By Susan Delattre
MN350 Communications Team volunteer

Here’s a question that often comes up for folks at MN350 when discussing the climate crisis: Isn’t it too time-consuming to spend time on racial justice, given the severity of the climate crisis and the importance of moving full steam ahead to address it?

The question is relevant in face of the daily revelations of the latest extreme weather events worldwide, the calving of an iceberg twice the size of D.C. in Antarctica, the disappearance of billions of birds from the planet, scientists’ warnings of what’s to come if mitigation doesn’t begin now.

In an effort to address the question, this blog post will give some background on how MN350 approaches the intersectionality of racial and climate justice:

– How we think about it

– Why it’s important

Image: Defender Network.

How we think about the intersectionality of racial and climate justice

The fight against climate change is a fight for justice. People all over the world are feeling the impacts, but the people suffering the most are the ones who have done the least to cause the problem. The work we do – and the way we do it – has to address that injustice. That means listening to the communities who are getting hit and hardest, amplifying the voices that are being silenced and following the leadership of the people on the front lines of the crisis.”

The geographic evidence for the unjust racial balance becomes clear when we look at where African American communities are located. We see that the impacts of climate change fall disproportionately on people of color.

The oil and gas industry dumps 9 million tons of methane and toxic pollutants like benzene into our air each year. The health effects of these toxic pollutants specifically threaten the health of African American communities living near oil and gas facilities by increasing risk of cancer and respiratory disorders. When we ask whether poverty levels might have more to do with the location of these facilities, the NAACP says, “… race – even more than class – is the number one indicator for the placement of toxic facilities in this country.”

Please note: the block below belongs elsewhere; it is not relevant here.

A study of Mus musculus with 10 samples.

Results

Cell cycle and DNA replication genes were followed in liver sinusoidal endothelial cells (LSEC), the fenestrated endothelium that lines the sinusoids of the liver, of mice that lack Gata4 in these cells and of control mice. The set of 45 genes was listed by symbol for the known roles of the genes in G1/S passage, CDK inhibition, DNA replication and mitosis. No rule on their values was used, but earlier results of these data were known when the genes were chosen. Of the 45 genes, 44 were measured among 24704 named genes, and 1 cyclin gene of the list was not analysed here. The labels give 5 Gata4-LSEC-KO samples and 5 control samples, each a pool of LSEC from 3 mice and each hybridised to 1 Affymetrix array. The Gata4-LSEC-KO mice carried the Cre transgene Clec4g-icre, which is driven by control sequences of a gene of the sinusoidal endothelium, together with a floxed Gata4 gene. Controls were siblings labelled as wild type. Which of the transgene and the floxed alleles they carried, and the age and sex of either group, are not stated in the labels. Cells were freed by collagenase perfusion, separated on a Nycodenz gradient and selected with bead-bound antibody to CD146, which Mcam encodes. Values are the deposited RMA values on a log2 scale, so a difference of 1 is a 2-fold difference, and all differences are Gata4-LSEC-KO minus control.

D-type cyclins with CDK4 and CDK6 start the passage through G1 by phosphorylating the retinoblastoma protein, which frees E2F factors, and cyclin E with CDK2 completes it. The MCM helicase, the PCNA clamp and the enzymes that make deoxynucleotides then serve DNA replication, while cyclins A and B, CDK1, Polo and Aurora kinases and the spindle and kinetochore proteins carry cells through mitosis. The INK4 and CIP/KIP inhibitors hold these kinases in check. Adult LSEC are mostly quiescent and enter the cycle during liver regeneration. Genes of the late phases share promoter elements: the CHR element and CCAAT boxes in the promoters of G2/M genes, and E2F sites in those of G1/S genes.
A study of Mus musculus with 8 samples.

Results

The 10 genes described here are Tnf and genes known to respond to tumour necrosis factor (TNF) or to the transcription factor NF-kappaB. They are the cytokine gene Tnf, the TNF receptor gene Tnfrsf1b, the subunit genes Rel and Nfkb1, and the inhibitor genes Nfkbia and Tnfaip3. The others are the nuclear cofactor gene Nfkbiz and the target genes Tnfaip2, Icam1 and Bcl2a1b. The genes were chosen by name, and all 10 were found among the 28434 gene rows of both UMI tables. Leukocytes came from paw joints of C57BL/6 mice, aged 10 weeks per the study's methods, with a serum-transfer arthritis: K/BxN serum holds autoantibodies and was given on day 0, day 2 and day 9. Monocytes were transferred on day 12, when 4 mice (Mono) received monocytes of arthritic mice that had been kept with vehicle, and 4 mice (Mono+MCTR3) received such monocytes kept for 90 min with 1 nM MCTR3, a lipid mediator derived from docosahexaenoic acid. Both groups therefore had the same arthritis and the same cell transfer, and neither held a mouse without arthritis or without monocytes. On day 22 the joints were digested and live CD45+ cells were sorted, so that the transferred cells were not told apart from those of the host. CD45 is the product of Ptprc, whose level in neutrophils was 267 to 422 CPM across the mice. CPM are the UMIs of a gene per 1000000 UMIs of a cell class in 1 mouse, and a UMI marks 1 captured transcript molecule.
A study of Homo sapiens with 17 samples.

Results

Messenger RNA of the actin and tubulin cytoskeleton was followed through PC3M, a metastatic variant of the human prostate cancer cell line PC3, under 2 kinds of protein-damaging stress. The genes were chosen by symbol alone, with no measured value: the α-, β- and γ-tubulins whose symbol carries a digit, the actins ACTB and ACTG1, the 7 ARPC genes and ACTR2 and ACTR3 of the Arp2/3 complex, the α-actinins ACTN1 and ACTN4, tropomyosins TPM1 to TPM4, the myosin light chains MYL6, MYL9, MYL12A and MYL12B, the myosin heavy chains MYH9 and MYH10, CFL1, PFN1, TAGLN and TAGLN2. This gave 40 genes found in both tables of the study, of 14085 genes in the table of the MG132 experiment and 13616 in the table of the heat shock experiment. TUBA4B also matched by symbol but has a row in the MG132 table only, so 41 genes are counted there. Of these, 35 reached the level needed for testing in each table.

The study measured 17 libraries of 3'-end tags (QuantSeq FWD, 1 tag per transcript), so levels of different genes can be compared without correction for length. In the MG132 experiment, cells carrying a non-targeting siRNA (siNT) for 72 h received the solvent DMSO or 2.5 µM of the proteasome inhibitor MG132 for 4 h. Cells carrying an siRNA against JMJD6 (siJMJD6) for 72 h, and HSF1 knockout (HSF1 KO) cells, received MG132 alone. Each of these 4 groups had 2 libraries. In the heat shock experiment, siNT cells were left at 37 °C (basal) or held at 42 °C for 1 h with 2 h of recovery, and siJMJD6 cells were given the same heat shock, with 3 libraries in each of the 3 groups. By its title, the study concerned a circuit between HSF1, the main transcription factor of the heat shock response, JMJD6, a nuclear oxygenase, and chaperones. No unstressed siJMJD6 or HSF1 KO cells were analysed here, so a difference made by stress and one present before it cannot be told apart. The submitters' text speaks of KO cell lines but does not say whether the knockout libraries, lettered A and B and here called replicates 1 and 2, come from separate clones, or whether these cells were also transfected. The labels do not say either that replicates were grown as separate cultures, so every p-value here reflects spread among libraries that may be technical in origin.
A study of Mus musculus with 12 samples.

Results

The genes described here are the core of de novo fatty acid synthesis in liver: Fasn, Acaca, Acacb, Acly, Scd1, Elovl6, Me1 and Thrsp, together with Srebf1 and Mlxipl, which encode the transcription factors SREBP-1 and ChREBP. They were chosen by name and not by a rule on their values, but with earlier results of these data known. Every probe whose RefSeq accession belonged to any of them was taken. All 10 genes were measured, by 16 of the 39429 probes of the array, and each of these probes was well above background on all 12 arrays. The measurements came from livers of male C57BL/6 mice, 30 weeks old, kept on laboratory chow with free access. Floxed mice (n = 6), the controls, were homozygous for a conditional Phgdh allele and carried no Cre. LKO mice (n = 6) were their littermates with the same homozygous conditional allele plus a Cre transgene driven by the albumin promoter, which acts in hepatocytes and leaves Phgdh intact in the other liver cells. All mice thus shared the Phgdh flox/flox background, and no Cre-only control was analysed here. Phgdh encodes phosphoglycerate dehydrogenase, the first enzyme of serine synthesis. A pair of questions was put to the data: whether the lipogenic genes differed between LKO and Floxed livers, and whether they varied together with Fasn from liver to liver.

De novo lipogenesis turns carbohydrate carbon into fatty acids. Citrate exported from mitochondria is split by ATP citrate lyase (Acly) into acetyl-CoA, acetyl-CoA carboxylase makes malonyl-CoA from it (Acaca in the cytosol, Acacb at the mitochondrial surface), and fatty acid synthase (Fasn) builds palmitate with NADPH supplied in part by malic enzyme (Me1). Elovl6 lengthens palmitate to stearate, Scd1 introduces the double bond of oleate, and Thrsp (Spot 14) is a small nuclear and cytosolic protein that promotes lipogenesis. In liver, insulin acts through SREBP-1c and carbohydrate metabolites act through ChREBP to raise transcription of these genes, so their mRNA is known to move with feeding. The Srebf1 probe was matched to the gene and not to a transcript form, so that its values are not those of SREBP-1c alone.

Looking at disproportionate impacts here in Minnesota, we see the potential effects of spills and leaks from the tar sands Line 3 pipeline falling directly on Native Americans, whose communities and ricing, hunting, and fishing lands lie in the proposed pathway of the pipeline. MN350 stands with and supports native pipeline resistance.

The impacts of the climate crisis continue long after extreme weather events. Not only did the devastation of Katrina create homelessness for many New Orleans black residents, their displacement continued “through the demolition of affordable housing for high-rise condos.” Lower-income black residents did not have the resources to afford the luxury condos built where their homes once stood.

Why we think the intersectionality of racial and climate justice is important

There’s a strategic answer to why our work on the climate crisis must include a commitment to ending racial injustice: “The climate crisis is not just an environmental issue, or a social justice issue, or an economic issue. It is all of these things at once. The only way we will be strong enough to put pressure on governments and stand up to the fossil fuel industry is if we all work together.”

Everette Thompson of the 350 Local Frontline Working Group puts an historical perspective on this: “History has taught us that no justice movement without communities of color at the center has ever been successful at sustaining victory and from this we know that without the participation and leadership of communities of color we will not mitigate climate change.”

So while working on both racial injustice and the climate crisis is crucial for success, there’s more: This commitment reflects our determination to acknowledge and undo the long, deeply damaging use of power by corporations and governments who have colonized land and people with devastating effect. Our work benefits now and will continue to benefit from the wisdom of those who have experienced these impacts. We stand with them to strive toward a world that survives the industrial revolution and creates justice for us all.

Susan Delattre volunteers for the MN350 Communications Team. She has a background in dance, theater, and storytelling.  She has co-authored two tales, The Woman Who Lost Her Heart and The Woman Who Found Her Voice. She has long enjoyed vegetable gardening and seed saving.